Snow Inhaler, Mark II

WLMD ID: aikn
John Snow (1813-1858) was an English physician who is recognized for pioneering work in anesthesiology as well as epidemiology. He was the first physician to specialize in anesthesia, and his studies of both ether and chloroform are considered classics. He is credited with advancing the use of anesthesia for labor pain when many professionals and laymen strongly opposed it. In fact, he administered chloroform to Queen Victoria for the births of two of her children, Prince Leopold and Princess Beatrice. The Queen pronounced the effects "delightful", and her approval made obstetrical anesthesia suddenly fashionable. Richard H. Ellis, an English anesthesiologist, has studied Snow's works and classified Snow's inhaler designs into four categories, called 'marks'. Each of these has distinctive features. This inhaler falls into the category that Ellis called 'Mark II'. This design includes a warm water bath to make vaporization more efficient, and a regulating stopcock to control the amount of vapor being administered. Only two examples of this inhaler survive today. Generally, Snow is better known today for having identified the cause of cholera. In fact, his investigative skills in epidemiology were so far ahead of his peers that his theory for the cause of cholera was not accepted until eight years after his death.

Catalog Record: Snow Inhaler, Mark II

Access Key: aikn
Accession No.: 1979-05-08-1

Title: [Snow ether inhaler mark 2 / designed by John Snow ; constructed by] Ferguson.

Author: Snow, John, 1813-1858.

Title variation: Alt Title
Title: Snow’s ether inhaler.

Title variation: Alt Title
Title: Snow ether inhaler.

Title variation: Alt Title
Title: Snow mark II ether vaporizer.

Title variation: Alt Title
Title: Snow’s modified ether vaporizer.

Title variation: Alt Title
Title: Snow ether apparatus.

Publisher: London : Ferguson, [1847].

Physical Description: 1 inhaler : tin, paint, brass, wood, textile, glass ; 18 x 15 x 14 dia. cm.

Subject: Vaporizers.
Subject: Inhalers, Anesthesia – Great Britain.
Subject: Ether, Ethyl.
Subject: Anesthesia, Inhalation.

Note Type: General
Notes: Title from the WLM name for the apparatus.

Note Type: With
Notes: The apparatus has a fragile, wood, green velvet lined case, the lid of which
is very loose.

Note Type: Citation
Notes: Calverley RK. An early ether vaporizer designed by John Snow. In Fink et al.
The History of Anaesthesia : Third International Symposium Proceedings. Park
Ridge, Ill., 1992; 91-99.

Note Type: Citation
Notes: Connor H, Zuck D. John Snow’s surviving ether vaporizers : an exciting find.
Anaesth News. May 2010:274.

Note Type: Citation
Notes: Ramsay MAE. John Snow, MD: anaesthetist to the Queen of England and pioneer
epidemiologist. Proc Bayl Univ Med Cent. 2006;19(1):24–28.

Note Type: Physical Description
Notes: Inhaler comprised of a round, tin base, a hose and a mouth piece; The metal
base, or vaporizing chamber, with some rusting and chipped black paint; A
metal tube coils around the vaporizing chamber at its base; The coil’s ends
rise perpendicularly to the base; One end has a threaded, brass cap; A second
aperture is also topped by a threaded brass cap; A brass valve and connector
exit straight up out of center of the vaporizing chamber, and connect to
approximately 68 cm of braided textile [covered?] hose; The valve’s brass
turn key is marked with a crown (the Ferguson logo?) and some text, “FERGUSON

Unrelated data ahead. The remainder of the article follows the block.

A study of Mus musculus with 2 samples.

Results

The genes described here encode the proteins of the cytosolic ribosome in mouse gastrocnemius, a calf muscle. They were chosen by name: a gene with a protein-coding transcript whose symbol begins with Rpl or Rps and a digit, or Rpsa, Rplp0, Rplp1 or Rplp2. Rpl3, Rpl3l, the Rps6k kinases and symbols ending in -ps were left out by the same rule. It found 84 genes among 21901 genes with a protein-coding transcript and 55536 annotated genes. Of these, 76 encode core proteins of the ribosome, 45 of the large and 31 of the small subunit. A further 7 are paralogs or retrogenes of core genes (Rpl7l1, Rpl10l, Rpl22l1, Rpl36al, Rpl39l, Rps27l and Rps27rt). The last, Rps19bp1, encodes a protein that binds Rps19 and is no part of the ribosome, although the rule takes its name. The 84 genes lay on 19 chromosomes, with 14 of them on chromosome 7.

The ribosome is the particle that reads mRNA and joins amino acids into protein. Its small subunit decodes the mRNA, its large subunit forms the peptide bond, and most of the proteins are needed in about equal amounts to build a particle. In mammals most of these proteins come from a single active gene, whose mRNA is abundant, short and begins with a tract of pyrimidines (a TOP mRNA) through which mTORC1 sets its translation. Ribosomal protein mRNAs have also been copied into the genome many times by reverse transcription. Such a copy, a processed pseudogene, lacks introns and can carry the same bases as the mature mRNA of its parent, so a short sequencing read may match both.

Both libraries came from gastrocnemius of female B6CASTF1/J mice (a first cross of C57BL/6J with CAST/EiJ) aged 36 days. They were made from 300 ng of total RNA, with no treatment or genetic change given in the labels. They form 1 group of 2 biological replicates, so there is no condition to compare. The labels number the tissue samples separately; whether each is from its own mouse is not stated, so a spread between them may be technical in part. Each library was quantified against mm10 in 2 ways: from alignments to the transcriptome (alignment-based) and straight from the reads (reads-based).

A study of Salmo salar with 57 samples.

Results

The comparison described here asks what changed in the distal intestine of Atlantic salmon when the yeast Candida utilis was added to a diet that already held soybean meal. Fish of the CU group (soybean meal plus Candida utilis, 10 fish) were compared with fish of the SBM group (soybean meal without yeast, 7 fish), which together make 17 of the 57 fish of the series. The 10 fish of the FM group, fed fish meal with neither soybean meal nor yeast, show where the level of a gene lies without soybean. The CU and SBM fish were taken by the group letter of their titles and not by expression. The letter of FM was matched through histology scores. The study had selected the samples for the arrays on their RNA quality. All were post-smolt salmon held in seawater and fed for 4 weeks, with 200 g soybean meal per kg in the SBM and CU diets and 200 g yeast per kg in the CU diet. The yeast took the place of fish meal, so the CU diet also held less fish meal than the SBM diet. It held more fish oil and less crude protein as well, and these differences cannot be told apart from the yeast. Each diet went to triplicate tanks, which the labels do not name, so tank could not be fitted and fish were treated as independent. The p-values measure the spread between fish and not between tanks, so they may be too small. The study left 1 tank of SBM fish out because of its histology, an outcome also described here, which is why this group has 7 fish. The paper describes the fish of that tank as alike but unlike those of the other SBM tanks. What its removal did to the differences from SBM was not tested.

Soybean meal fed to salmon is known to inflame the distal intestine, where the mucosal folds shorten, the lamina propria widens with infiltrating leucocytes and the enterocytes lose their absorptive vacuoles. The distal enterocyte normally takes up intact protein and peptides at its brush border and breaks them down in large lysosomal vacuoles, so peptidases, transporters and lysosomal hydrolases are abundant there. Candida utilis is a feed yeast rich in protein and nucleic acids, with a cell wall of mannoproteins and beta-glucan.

[new line] 21 GILTSPURS LONDON”; The hose has an internal diameter of approx.
1.6 cm; A wooden (ebony?) T connector at the proximal end of the hose
contains both an inspiratory and an expiratory valve; The ‘dead’ end of the T
connector has perforations for expired air; The proximal end of the T
connector meets approximately 7 cm of braided textile hose; This short hose
is connected to a glass mouth piece, by a wooden (ebony?) connector; The
mouth piece measures approx. 5 x 8 x 6 cm; A brass plate on the base, reads
“FERGUSON [new line] 21 GILTSPURS [new line] LONDON”.

Note Type: Reproduction
Notes: Photographed by Mr. William Lyle, 7/14/2010.

Note Type: Historical
Notes: This apparatus is believed to be a second prototype of Snow’s ether vaporizer
[or inhaler] (Calverley, 1992). It is very similar the Snow ether apparatus
pictured in the March 19, 1847 London Medical Gazette (p. 501). Henry Connor
and David Zuck described another Snow vaporizer on display at the Royal
College of Physicians (2010). After studying Richard Ellis’s four ‘marks’
they concluded that the RCP’s Snow vaporizer also falls into the “mark II”.

Note Type: Historical
Notes: John Snow (1813–1858) was an English physician who is recognized for
pioneering work in anesthesiology as well as epidemiology. His investigative
skills in epidemiology were so far ahead of his peers that he spent a good
portion of his life defending his discovery that cholera was caused by the
ingestion of contaminated water. His theory was not accepted until 1866 –
Eight years after his death (Ramsay, 2006). Snow’s services administering
anesthetics were in high demand. In designing the anesthetic inhalers he
employed a robust understanding of physiology with careful study of ether’s
effects. He administered anesthesia with similar scientific care. After
investigating a number of deaths that followed an administration of
chloroform, Snow was one of the first to warn against unrestrained use of
chloroform and recommend carefully controlled administration of anesthetics
with the aid of well designed inhalers. His administration of chloroform to
Queen Victoria for the births of two of her children, Prince Leopold and
Princess Beatrice, is credited with advancing the use of anesthesia for labor
pain when many professionals and laymen strongly opposed it (Ramsay, 2006).